As sales people, our goal is to become the “go-to” resource for our customers in helping them solve their business problems. We want to position ourselves as trusted advisors to our customers.

But customers aren’t responding, increasingly, they rely on other resources for help in solving their business problems. CSO Insight’s 2018 Buyer Preferences Survey show only 23% of buyers consider Vendor Sales People as one of the top three resources to help solve their business problems. Out of 10 resources alternatives (for example, subject matter experts, vendor websites, past experience, industry resources, peers, etc.), vendor sales people were ranked 9.

As sales people become less preferred, customers are allocating less time (17% across all vendors according to Gartner), and deferring the involvement later in their buying cycle (customers are anywhere between 57 and 92% through the buying process, before engaging customers).

Ironically, customers are willing to engage sales people far earlier. They struggle in their buying process, they need help navigating the process. Their willingness to engage sales people increases if what they are buying is new for the organization, or it is perceived as risky, or it is complex–impacting multiple departments (which is the definition of complex B2B buying/selling).

What explains the gap?

Clearly, sales people are falling short. Sales people aren’t being helpful–at least in the areas that customers most need help.

  • Understanding of customers’ markets and businesses is critical.
  • Understanding the problems their organizations face and how to solve those problems is critical.
  • Helping customers navigate the buying journey, successfully selecting and implementing a solution that drives the desired results.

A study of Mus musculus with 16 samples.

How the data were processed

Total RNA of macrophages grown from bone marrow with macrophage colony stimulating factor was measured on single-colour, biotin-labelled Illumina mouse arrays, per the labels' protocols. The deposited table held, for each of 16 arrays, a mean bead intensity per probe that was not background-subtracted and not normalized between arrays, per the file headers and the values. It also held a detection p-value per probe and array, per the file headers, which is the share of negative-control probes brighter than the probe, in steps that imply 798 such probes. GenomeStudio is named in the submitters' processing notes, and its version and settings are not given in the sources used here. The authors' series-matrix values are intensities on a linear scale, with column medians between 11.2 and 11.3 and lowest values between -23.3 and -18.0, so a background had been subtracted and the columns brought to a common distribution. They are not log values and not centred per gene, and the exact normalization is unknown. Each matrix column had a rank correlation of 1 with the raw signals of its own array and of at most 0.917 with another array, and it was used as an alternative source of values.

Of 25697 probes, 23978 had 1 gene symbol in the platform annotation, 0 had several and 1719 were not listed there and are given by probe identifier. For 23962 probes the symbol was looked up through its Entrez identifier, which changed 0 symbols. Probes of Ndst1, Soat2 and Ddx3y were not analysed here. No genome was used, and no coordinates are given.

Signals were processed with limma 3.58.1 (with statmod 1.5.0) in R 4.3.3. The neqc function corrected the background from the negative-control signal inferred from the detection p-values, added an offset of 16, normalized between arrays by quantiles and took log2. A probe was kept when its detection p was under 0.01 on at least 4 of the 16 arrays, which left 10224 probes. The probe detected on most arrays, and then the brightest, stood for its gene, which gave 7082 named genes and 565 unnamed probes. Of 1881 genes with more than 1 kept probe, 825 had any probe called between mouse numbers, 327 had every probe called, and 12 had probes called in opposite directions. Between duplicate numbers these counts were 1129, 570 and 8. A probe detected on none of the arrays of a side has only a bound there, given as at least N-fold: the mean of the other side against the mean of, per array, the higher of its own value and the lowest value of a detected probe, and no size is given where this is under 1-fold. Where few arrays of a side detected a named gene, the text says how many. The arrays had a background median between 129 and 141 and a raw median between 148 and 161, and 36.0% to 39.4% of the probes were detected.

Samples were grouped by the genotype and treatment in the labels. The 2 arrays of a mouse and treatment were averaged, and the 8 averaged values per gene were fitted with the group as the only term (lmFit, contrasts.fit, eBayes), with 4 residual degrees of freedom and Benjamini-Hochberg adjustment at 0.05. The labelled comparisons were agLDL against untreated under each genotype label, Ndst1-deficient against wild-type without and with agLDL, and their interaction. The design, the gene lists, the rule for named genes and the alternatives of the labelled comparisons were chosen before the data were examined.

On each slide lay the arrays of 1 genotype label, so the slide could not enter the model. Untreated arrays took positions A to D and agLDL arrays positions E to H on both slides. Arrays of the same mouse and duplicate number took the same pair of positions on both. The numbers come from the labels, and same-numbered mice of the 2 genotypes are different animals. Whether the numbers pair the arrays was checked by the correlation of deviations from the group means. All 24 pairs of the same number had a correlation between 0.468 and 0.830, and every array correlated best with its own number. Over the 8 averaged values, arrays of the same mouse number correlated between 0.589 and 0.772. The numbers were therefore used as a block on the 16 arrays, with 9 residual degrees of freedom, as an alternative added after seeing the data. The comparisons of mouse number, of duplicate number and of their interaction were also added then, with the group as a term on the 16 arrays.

• Helping them understand and manage the risk and complexity within their own organizations.
  • Helping them build the business case for change within their own organizations.

The challenge is, are we building capabilities that are most critical in being helpful to customers?

There is little in this list that is about our products. The majority of issues are about the customer and the challenges they face in understanding the need to change, determining what changes they need to make, identifying business needs/requirements, identifying risks, managing diverse priorities/agendas within the organization, identifying alternative solutions, selecting and implementing solutions that achieve the expected results.

Being helpful to our customers requires new skill sets–that few organizations recruit for or seek to develop: curiosity, critical thinking/problem solving, project management, collaboration, resources management.

If we want to be important to our customers. If we want to become a preferred, value creation channel, we have to change what we do, how we engage. Customers, clearly, have a preference for this—but we aren’t addressing those needs.